Grant awarded to Ethics of Big Data to explore 'Ethics and Governance of Autonomous Systems and Machine Learning in the Digital Society'

Our Ethics of Big Data team is delighted to announce that we were awarded a grant from Cambridge's School of the Humanities and Social Sciences Research Support Fund to explore the 'Ethics and Governance of Autonomous Systems and Machine Learning in the Digital Society.'

Here's how we described what we are doing in this project:

"A significant trend in the digital age is the rise of autonomous systems, which use big data to inform algorithms through machine learning.  One significant consequence of this trend has been the expansion of these autonomous systems into areas previously the preserve of human judgment and decision-making.  For example, autonomous systems are at work parsing documents in the discovery process of law; algorithms helped journalists comb through the Panama papers; and Google is working with the NHS to support doctors with predictions based on patient big data. 

Once considered the preserve of human experts, valued for their judgment and decision-making, practices in law, journalism, and bio-medicine are increasingly being delegated to machines.  These machines’ autonomous systems are doubly opaque; first, citizens often have no insight into the algorithms governing them; and, second, because these algorithms are not explicitly programmed but instead continuously evolve due to machine learning, citizens and even the algorithms’ programmers have little control over their changing formulas.  This shift clearly raises ethical and governance challenges to existing practices – challenges which urgently must be understood as this shift becomes more prevalent and pervasive across sectors.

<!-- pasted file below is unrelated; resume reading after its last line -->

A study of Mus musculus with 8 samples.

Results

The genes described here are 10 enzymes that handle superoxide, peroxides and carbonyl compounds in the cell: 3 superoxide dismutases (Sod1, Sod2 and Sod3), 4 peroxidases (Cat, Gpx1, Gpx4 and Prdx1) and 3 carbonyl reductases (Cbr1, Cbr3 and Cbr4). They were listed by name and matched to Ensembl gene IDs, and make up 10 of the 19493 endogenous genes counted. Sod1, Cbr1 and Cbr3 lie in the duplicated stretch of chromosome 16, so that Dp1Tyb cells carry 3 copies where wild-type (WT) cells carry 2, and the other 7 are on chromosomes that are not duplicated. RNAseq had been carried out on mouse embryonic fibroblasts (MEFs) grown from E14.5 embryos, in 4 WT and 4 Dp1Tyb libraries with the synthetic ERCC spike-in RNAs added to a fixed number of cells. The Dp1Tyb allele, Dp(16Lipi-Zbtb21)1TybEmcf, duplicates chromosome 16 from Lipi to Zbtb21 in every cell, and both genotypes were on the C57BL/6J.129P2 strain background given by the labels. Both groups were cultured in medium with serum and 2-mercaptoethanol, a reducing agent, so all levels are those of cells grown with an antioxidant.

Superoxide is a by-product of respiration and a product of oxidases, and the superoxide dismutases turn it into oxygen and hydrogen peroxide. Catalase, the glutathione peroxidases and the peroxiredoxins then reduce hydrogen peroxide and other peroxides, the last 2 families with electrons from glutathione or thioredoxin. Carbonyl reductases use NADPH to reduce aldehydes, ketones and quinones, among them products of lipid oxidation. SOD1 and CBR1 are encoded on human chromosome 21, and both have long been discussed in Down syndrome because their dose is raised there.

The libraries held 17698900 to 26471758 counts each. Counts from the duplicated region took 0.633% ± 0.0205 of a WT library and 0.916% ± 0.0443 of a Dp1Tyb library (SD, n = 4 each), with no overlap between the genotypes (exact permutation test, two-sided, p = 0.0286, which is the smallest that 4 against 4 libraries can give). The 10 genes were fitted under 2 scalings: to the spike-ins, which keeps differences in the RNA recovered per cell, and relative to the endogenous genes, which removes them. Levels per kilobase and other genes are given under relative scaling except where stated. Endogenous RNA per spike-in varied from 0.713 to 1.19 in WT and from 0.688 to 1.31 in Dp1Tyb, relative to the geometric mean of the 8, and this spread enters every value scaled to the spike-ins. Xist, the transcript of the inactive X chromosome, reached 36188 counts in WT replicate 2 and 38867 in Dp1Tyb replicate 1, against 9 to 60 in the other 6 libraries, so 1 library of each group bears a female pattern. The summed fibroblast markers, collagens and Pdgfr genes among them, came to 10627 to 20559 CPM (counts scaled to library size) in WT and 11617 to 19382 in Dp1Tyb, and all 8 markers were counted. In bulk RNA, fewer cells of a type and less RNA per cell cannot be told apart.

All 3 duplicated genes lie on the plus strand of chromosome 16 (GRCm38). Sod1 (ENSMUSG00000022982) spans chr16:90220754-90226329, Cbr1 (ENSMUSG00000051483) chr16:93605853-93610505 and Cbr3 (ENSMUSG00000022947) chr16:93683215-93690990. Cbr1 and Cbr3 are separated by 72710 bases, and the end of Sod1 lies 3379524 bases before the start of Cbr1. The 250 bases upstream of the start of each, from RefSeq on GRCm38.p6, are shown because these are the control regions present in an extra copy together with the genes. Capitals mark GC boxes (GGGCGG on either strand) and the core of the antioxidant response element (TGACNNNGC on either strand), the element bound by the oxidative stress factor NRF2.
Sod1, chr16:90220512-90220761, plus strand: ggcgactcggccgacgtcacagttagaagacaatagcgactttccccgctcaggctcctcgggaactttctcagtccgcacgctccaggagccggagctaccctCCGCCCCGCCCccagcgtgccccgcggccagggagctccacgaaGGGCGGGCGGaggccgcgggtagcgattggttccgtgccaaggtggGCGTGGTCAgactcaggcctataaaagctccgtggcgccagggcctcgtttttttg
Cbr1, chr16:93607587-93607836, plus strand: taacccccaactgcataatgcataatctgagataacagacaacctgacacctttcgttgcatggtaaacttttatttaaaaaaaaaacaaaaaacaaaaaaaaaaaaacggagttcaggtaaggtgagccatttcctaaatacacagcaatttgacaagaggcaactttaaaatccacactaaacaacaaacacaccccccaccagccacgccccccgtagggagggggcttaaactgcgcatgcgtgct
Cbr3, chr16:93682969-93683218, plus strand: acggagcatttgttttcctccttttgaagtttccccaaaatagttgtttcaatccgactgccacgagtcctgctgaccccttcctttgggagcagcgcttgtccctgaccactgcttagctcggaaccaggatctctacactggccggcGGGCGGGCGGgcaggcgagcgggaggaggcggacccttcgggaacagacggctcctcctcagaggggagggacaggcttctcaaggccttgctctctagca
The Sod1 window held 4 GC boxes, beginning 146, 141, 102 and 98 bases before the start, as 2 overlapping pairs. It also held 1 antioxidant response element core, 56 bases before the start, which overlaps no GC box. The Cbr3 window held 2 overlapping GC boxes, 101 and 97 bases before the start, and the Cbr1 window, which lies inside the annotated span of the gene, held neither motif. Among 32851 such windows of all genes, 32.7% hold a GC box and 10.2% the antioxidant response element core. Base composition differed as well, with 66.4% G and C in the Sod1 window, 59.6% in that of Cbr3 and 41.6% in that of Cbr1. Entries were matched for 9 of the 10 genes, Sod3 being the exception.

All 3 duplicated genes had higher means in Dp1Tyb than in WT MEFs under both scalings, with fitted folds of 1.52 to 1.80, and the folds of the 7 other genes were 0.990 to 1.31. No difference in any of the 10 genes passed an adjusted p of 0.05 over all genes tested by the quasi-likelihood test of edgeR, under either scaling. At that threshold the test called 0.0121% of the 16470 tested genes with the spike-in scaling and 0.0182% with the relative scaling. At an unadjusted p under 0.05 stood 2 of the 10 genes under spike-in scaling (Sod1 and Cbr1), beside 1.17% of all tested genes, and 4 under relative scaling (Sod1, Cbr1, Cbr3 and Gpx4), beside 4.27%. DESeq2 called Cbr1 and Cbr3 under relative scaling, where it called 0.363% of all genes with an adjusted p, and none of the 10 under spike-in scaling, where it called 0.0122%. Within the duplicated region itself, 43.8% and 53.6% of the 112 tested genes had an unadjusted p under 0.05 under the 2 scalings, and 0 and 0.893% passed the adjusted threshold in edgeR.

This project builds on the existing interdisciplinary work of the Ethics of Big Data CRASSH Research Group to conduct seed research and networking for the formulation of a large grant application on the topic of ‘Ethics and governance of autonomous systems in the digital society.’  This large grant would significantly expand the scope of current research into ‘algorithmic accountability’ by investigating the implications for ethics and governance of how machine learning methods and algorithms are integrated into wider computational systems and into social processes of decision-making and accountability more generally."

About this website

This is the website for Ella McPherson's work related to her 2014-17 ESRC-funded research project, Social Media, Human Rights NGOs, and the Potential for Governmental Accountability.